The standard practice in most OECD countries is to measure and evaluate poverty on the basis of a poverty line defined as a specific proportion of the median equivalent income within a country. However, this approach disregards regional differences in prices and needs within a country and may, therefore, provide an incomplete and even an incorrect picture of the extent as well as the geographical and demographical composition of the poor. To account for differences in prices and needs, this paper introduces an alternative method of measuring poverty based on a set of region-specific poverty lines. Applying Norwegian household register data for 2001 we find that the overall extent of poverty is only slightly affected by the change in definition of poverty line. However, the geographical as well as the demographical composition of poverty are shown to depend heavily on whether the method of measuring poverty relies on region-specific or country-specific thresholds. As expected, the results demonstrate that the analysis of poverty based on country-specific thresholds produces downward biased poverty rates in urban areas and upward biased poverty rates in rural areas. Moreover, when region-specific poverty thresholds form the basis of the poverty analysis, we find that the poverty rates among young singles and non-western immigrants are significantly higher than what is suggested by previous empirical evidence based on a joint country-specific poverty line.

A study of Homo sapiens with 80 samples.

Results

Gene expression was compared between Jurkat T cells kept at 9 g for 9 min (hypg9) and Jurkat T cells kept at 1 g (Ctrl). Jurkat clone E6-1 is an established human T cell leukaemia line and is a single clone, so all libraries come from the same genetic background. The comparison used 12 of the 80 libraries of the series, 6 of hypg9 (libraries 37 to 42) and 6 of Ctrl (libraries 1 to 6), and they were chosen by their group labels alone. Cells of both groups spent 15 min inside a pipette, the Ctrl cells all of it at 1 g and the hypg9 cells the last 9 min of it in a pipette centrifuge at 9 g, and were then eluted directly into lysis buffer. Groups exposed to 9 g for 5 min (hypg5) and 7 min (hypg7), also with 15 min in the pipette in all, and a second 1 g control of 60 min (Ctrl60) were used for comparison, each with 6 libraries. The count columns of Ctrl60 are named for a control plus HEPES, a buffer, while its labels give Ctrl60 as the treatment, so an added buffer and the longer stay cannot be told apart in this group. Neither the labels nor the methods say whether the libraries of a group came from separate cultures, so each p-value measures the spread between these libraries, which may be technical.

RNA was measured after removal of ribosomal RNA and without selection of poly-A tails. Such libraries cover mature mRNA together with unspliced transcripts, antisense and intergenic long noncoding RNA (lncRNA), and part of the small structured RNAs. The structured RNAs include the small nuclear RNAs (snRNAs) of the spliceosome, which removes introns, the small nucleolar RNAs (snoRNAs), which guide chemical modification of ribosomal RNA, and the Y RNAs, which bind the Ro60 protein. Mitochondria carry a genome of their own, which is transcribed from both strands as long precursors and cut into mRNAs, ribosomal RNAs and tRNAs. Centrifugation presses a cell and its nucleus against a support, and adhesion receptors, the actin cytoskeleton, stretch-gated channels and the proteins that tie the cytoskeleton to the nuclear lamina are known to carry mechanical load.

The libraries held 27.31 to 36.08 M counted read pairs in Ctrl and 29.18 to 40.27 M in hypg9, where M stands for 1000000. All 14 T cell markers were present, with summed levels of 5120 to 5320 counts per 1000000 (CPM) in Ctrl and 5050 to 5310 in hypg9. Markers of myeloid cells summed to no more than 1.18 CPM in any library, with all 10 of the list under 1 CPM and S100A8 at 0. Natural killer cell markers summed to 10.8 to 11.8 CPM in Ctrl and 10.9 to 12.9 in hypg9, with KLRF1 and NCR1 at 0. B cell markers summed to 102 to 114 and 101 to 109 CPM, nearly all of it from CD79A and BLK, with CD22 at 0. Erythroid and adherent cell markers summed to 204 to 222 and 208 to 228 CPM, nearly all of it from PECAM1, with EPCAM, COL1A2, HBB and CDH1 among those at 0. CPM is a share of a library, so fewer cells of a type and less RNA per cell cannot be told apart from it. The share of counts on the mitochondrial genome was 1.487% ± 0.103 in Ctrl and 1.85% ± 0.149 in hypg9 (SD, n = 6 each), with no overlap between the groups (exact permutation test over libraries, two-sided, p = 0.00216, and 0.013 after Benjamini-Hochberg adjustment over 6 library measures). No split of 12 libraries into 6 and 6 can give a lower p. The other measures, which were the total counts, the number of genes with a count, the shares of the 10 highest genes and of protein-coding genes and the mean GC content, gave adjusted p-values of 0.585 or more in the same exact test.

Date of revision:
Handle: RePEc:ssb:dispap:408
  2. Taryn Ann Galloway & Rolf Aaberge, 2005. "Assimilation effects on poverty among immigrants in Norway," Journal of Population Economics, Springer, vol. 18(4), pages 691-718, November.
  3. Ravallion, M., 1998. "Poverty Lines in Theory and Practice," Papers 133, World Bank - Living Standards Measurement.
  4. Roemer, J.E., 1992. "A Pragmatic Theory of Responsibility for the Egalitarian Planner," Papers 391, California Davis - Institute of Governmental Affairs.
  5. Magne Mogstad & Audun Langørgen & Rolf Aaberge, 2005. "Region-Specific versus Country-specific Poverty Lines in Analysis of Poverty," Discussion Papers 408, Statistics Norway, Research Department.
  6. Smeeding, Timothy M, et al, 1993. "Poverty, Inequality, and Family Living Standards Impacts across Seven Nations: The Effect of Noncash Subsidies for Health, Education and Housing," Review of Income and Wealth, International Association for Research in Income and Wealth, vol. 39(3), pages 229-56, September.
  7. John E. Roemer, 2002. "Equality of opportunity: A progress report," Social Choice and Welfare, Springer, vol. 19(2), pages 455-471, April.
  8. Sen, Amartya, 1979. " Issues in the Measurement of Poverty," Scandinavian Journal of Economics, Wiley Blackwell, vol. 81(2), pages 285-307.
  9. Buhmann, Brigitte, et al, 1988. "Equivalence Scales, Well-Being, Inequality, and Poverty: Sensitivity Estimates across Ten Countries Using the Luxembourg Income Study (LIS) Database," Review of Income and Wealth, International Association for Research in Income and Wealth, vol. 34(2), pages 115-42, June.
  10. Quentin Wodon, 1999. "Regional poverty lines, poverty profiles, and targeting," Applied Economics Letters, Taylor & Francis Journals, vol. 6(12), pages 809-812.